Given its history of human rights abuse, environmental destruction, and penchant for multimillion dollar executive bonuses, the oil industry doesn’t immediately spring to mind as natural actor to help solve a global poverty crisis.
Nonetheless, a new 97-page UN-sanctioned report authored by an industry group and World Bank offshoot outlines the oil and gas sector’s vision to be a “key part” of efforts to encourage sustainable development.
The report acknowledged that fossil fuel companies “can have both positive and negative impacts on a range of areas covered by the SDGs” – the UN’s sustainable development goals for 2030.
Despite this, it claimed the industry could still be “central to sustainable development, as oil and gas are key pillars of the global energy system and, as such, are drivers of economic and social development”.
The report was written by International Petroleum Industry Environmental Conservation Association (IPIECA), the oil and gas industry’s main access point to the UN climate negotiations. It was co-authored by the World Bank’s International Finance Corporation, which has previously provided hundreds of millions of dollars in loans to coal power plants in the name of economic development.
Climate change is likely to impact the world’s poorest populations more immediately and severely. And experts say two-thirds of known fossil fuel reserves need to be left in the ground to cut emissions sufficiently to avoid the worst impacts of climate change.
So it’s perhaps unsurprising that the report identified addressing climate change – SDG goal 13 – as a “particular challenge” for the industry.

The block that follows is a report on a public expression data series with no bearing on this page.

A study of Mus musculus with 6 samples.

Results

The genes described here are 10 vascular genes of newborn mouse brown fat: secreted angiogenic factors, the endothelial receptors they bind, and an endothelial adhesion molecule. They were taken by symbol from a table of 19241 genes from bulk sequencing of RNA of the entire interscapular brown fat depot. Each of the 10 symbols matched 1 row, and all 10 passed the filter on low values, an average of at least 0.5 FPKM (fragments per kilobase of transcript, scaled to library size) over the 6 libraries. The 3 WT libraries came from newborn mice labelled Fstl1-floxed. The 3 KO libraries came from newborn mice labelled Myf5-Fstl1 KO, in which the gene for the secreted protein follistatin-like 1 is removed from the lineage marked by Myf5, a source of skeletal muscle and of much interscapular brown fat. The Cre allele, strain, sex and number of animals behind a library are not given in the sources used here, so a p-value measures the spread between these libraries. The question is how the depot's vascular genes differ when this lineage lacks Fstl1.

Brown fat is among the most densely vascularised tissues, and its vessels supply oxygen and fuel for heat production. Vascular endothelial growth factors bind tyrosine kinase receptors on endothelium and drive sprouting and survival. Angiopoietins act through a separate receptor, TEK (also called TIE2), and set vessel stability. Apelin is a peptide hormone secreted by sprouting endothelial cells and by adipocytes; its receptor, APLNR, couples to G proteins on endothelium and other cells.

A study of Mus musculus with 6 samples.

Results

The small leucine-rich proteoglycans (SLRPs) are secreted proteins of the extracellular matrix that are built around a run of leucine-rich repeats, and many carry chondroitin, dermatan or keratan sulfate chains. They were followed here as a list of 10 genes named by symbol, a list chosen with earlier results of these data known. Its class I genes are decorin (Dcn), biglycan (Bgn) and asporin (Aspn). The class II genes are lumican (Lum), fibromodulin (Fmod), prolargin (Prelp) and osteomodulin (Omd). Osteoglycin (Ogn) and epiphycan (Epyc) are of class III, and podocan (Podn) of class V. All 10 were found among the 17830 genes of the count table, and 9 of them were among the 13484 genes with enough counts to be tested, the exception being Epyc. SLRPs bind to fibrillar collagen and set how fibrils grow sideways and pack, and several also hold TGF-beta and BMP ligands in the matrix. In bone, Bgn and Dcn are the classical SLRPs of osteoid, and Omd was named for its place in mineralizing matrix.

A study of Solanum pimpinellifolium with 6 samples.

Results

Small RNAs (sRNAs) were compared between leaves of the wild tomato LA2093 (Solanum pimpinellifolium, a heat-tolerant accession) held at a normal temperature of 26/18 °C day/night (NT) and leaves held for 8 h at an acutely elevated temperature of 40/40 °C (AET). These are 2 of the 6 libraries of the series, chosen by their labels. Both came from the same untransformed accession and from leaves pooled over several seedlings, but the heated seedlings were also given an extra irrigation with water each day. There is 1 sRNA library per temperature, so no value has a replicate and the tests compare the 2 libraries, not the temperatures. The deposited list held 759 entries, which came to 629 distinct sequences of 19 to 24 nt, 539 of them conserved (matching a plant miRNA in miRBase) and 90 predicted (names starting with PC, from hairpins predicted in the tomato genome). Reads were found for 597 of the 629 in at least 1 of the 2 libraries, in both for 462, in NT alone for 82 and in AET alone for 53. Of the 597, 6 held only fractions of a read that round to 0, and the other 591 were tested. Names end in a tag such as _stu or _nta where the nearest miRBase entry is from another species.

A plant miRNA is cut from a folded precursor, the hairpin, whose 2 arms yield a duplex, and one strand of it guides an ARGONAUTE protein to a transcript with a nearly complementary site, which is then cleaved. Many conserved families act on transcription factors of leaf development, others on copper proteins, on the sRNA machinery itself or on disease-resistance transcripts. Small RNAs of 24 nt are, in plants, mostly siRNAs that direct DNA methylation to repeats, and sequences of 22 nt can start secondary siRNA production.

When outlining how the industry can address the issue, the report falls back on some familiar narratives. Natural gas can be an “affordable” and “sustainable” energy source, it points out. Meanwhile the industry continues to research carbon capture and storage projects, which could be used to extract and trap emissions from burning fossil fuels, if countries are going to meet their climate goals.
The report also said the industry can help eradicate poverty by “supplying reliable and affordable energy” and through indirect investment in countries by paying tax.
And companies can help expand education opportunities by collaborating with local schools and universities and investing in educational programmes, as well as protecting ecosystems by ensuring “good management practices” on drilling and fracking sites and offsetting any damage by planting new habitats where old ones have been damaged.
However, Shelagh Whitley, head of the Climate and Environment programme at the Overseas Development Institute think tank, was sceptical of this approach. She told DeSmog UK that the industry had to “undertake a process of managed decline”.
“Their role in sustainable development is really about ensuring that as they transition away from oil and gas they do it in a way that helps support workers and communities.”
She was also critical of the industry’s assertion that it could help countries develop by using the fossil fuels extracted from those countries to generate power, pointing out that oil and gas often gets put into the export market rather than used domestically.
She also pointed out that tax receipts from the UK’s mature North Sea oil and gas industry were now negative, undercutting the industry’s argument that it contributes significantly to a country’s economic growth.